My first exposure to anything Star Wars is a crystal 1977 memory of a church parking lot. I was six. We were picking up my older brothers as they returned from camp.
We stood at the back of a station wagon. Someone pulled a novelization of Star Wars from their luggage and showed the cluster of us. Our focus was an inset of color pictures in the center of the paperback. My focus was Chewbacca. I knew two things from these stills — he flew a spaceship and he was the most amazing thing I had ever seen.
We soon saw the movie as a family. My parents had seen it and decided we had to see it too. I turned to my dad when the first ship appeared in those immediate seconds and asked, “Is Chewbacca driving that ship?”
I remember my first childhood viewing of each of the other movies in that original trilogy. And if I’m honest, my first adult viewings of the first trilogy too.
I’m not a master of Star Wars knowledge and trivia and fandom. I can’t name every minor character from the movies. I haven’t cosplayed anything Star Wars since October 31, 1977. (Chewbacca, of course.) But when it comes to measuring Star Wars sentimentality, I’m an elite.
The Disney renaissance of Star Wars is my dad utopia. All of my kids are interested and I’m happy to invest in their future sentiment. We saw The Force Awakens on opening day. We watch Star Wars Rebels together every week. Every member of our family has had at least one limb severed by a light saber. (Not covered by the Affordable Care Act. Thanks Obama.)
The buildup for Rogue One anticipated a grittier, more war-like movie. Would it be, could it be, for kids as young as 9? We held off on opening day tickets to wait and see.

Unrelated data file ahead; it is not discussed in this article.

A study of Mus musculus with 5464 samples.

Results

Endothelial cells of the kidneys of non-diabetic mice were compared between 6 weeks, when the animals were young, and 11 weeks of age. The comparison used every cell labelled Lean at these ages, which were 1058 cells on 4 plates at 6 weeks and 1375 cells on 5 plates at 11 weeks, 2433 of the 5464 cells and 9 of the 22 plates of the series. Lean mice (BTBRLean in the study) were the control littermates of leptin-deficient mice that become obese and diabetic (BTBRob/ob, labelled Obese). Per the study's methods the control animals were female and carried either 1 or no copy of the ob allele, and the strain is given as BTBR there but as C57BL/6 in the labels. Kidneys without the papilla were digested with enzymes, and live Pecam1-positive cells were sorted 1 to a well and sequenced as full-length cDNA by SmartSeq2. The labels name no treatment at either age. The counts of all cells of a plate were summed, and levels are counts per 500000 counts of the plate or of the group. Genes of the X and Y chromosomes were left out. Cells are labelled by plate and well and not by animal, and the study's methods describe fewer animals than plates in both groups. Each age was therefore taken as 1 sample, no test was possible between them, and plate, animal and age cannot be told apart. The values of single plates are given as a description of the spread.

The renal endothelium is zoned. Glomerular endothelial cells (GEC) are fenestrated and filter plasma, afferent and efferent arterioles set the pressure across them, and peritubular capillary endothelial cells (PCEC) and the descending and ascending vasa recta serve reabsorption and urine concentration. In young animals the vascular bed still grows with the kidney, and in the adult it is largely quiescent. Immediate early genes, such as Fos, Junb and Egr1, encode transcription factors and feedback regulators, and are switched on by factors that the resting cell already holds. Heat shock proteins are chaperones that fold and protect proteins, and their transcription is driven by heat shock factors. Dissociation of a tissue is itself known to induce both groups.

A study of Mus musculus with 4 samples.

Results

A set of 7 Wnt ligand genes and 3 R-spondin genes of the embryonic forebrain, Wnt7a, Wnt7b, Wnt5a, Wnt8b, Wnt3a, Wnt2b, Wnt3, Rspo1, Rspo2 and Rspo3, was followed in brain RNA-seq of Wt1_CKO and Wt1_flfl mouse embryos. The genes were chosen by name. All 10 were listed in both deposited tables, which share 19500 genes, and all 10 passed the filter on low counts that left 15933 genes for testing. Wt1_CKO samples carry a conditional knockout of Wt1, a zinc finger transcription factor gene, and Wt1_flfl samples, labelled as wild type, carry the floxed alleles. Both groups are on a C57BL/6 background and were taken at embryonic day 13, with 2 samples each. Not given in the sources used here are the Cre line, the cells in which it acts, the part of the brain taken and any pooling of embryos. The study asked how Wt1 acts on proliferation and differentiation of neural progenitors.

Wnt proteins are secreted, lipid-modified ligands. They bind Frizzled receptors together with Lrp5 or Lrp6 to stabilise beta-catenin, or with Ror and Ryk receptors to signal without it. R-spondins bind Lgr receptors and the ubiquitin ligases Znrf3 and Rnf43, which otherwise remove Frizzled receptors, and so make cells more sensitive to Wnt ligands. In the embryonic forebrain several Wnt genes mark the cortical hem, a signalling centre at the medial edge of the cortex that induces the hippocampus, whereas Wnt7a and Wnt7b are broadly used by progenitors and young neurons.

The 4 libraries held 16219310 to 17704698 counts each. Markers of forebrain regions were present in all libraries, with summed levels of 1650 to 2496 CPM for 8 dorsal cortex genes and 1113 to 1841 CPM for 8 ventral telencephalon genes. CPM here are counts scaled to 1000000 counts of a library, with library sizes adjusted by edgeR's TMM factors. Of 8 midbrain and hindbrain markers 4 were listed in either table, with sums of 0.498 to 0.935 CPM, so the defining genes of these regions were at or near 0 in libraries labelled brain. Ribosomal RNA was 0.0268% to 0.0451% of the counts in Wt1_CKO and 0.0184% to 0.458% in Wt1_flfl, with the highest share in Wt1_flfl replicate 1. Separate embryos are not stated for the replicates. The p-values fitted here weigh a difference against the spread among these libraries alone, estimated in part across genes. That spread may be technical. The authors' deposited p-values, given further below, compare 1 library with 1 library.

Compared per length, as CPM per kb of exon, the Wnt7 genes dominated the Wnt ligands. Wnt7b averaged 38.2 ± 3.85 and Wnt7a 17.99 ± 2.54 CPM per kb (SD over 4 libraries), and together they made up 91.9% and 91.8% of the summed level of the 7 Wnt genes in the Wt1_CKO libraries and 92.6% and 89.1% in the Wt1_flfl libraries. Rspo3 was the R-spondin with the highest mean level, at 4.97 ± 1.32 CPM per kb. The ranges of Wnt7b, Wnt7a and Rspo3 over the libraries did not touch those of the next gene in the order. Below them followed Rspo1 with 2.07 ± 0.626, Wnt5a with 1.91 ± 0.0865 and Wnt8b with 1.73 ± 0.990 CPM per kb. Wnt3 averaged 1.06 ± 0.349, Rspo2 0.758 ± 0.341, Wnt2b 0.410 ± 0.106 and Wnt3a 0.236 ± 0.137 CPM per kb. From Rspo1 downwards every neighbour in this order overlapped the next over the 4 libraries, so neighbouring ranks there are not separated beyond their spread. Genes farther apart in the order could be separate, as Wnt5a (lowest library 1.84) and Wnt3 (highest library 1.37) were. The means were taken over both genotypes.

Last Friday was angsty.
We finally bought tickets on some early media reviews. But then reports from friends and articles suggested this one wasn’t as kid friendly. Our youngest begged to see it and we wavered, drowning his hopes in ambiguity.
The night before our ticketed showing, my wife and I retreated to our master bathroom, the most private place we could find. We deliberated. We were interrupted at least three times as he hoped for clarity. We talked about the vague reviews of a darker movie with some more intense specifics. I tried to displace my elite sentimentality, but it was gosh darn difficult.
In the end, we went.
I warned my two youngest that I might ask them to close their eyes a time or two. I never did, though one of the scenes in question happened while my youngest and I were in the bathroom. (My middlest, without my directive presence, closed her eyes anyway.)
Am I glad we went? Yep. Any regrets? Nope. It might not be for all kids, and it might not be for yours. But we’ve had lots of conversations in the last 24 hours about hope and war and imagination and oppression and good and bad and Easter eggs and funny robot lines.
And in 40 years, I have a strong inkling my three kids will remember this day.